Tuesday, October 2, 2007

Northern Maine Birds 25 Sept- 2 Oct 2007

Some good birds are being seen in Aroostook County lately and I thought it was worthy of a note.

September was dry and warm. Record high temperatures were recorded in Caribou last week. Half of the month's rain fell on the 27th and 28th, though streams and rivers are still very low. Water levels in many of the northern lakes are also down a foot or two. Fruit and cone crops are looking lackluster this season after the past two very good years. There are still plenty of insects about and I even saw a Mink Frog basking in the sun on Monday afternoon.

Migrant waterfowl are appearing in numbers in northern and central Aroostook now. High counts of Canada Geese last weekend were *1900+* on Collins Pond in Caribou and 780+ at Long Lake in St. Agatha. Two geese with yellow neck collars were seen. No Snow Geese have been reported yet though the first ten days of October is typically the period when many flocks are seen.

Duck highlights included 4 *White-winged Scoters*, 12 juvenile *Surf Scoters* and 2 young *Black Scoters* all seen at Lake Josephine in Easton. 2 Lesser Scaup and *3 Buffleheads* were also being seen there. Long Lake hosted all three species of merganser on Sunday the 30th. Commons and Hoodeds were seen near Sinclair and a young *Red-breasted* was seen at the north end of the lake at St. Agatha. *3 Northern Pintails* are being seen daily at Collins Pond. (an aside: ME Dept of IF&W waterfowl biologists banded a young Pintail at Lake Josephine, in early September, that they thought was probably hatched in the area. There are only one or two breeding records for this species in Maine). Other locally breeding waterfowl seen on or around Lake Josephine included a Gadwall, 20+ American Wigeon, 8 Blue-winged Teal, 30+ male Wood Ducks, 130+ Ring-necked Ducks and 6 Ruddy Ducks.

The raptor flight was quite good last week with 8 species reported. The Fort Fairfield Bald Eagles have begun to *rebuild their nest ** *since it blew down again in August. *Local observers say this is probably the fourth time they have rebuilt in seven years(!)*. A late-ish Osprey was seen flying down the Aroostook River in Presque Isle on the 27th. Northern Harriers, mostly juveniles, were seen at Easton, Presque Isle, St. Agatha and Woodland. American Kestrels lingered at the Muscovic Road Bog in Stockholm and in Woodland. Merlins were buzzing shorebirds at Lake Jo and Arnold Brook Lake in Presque Isle.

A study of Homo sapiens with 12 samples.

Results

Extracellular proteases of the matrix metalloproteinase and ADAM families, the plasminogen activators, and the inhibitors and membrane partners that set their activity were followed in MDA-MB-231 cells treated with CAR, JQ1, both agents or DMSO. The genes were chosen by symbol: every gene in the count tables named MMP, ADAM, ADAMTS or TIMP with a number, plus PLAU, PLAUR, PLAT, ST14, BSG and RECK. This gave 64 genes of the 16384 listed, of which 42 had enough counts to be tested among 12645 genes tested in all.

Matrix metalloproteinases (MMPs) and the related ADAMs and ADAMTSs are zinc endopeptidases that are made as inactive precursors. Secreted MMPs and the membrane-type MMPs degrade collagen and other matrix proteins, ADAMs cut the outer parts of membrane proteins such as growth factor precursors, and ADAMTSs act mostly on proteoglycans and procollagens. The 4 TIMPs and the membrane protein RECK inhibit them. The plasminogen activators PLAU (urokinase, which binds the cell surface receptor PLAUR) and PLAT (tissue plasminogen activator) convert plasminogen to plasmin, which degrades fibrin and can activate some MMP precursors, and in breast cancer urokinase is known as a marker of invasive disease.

The raptor highlight for the week had to be an *adult Peregrine Falcon *seen* *in St Agatha on Sunday. The bird put on a good show chasing Horned Larks over the harvested grain fields on the Flat Mountain Road . A Northern Goshawk in Woodland Bog and a lingering Broad-winged Hawk at Arnold Brook Lake round out the tally.

A pair of *rare Dunlin* at Christina Reservoir in Fort Fairfield on the 27th and high count of *21* Lesser Yellowlegs at Lake Josephine were the shorebird highlights for the week. Its interesting to note all my fall Dunlin records for Aroostook County (only 5), fall in the last week of September.

Gull numbers continue to build with lost of young birds showing up on area lakes. Uncommon Bonapartes Gulls were seen on Long Lake, Arnold Brook Lake and Christina Reservoir in small flocks of up to ten.

All the breeding woodpeckers were seen again this week in Aroostook County. The *male and female Three-toed Woodpecker* were seen on the Muscovic Road in Stockholm and were joined by an attractive male *Black-backed Woodpecker* on Sunday. The Muscovic Road also hosted its usual suite of boreal species including Boreal Chickadee, Gray Jays, Dark-eyed Juncos and both species of Kinglets.

The biggest flock of Horned Larks I have seen in Aroostook County was trading back and forth over the grain stubble in some St Agatha fields last Sunday. It was hard to get a close count, thanks to the attention of the aforementioned Peregrine, but conservatively *600+ larks* were feeding in the fields. An *early Lapland Longspur* and 20+ American Pipits were also seen here.

Very few Yellow-rumped Warblers and Blue-headed Vireos continue to linger after what seems to have been a good migration season. There were very few passerine "fallout" days in the past month. It seemed that the small birds had good weather for travel and passed through/from northern Maine rather quickly.

White-crowned Sparrows were reported to be seen in many spots in central and southern Aroostook

A single *Rusty Blackbird* was feeding on the shore of Arnold Brook Lake on October 2nd. *3 Evening Grosbeaks* were seen here as well.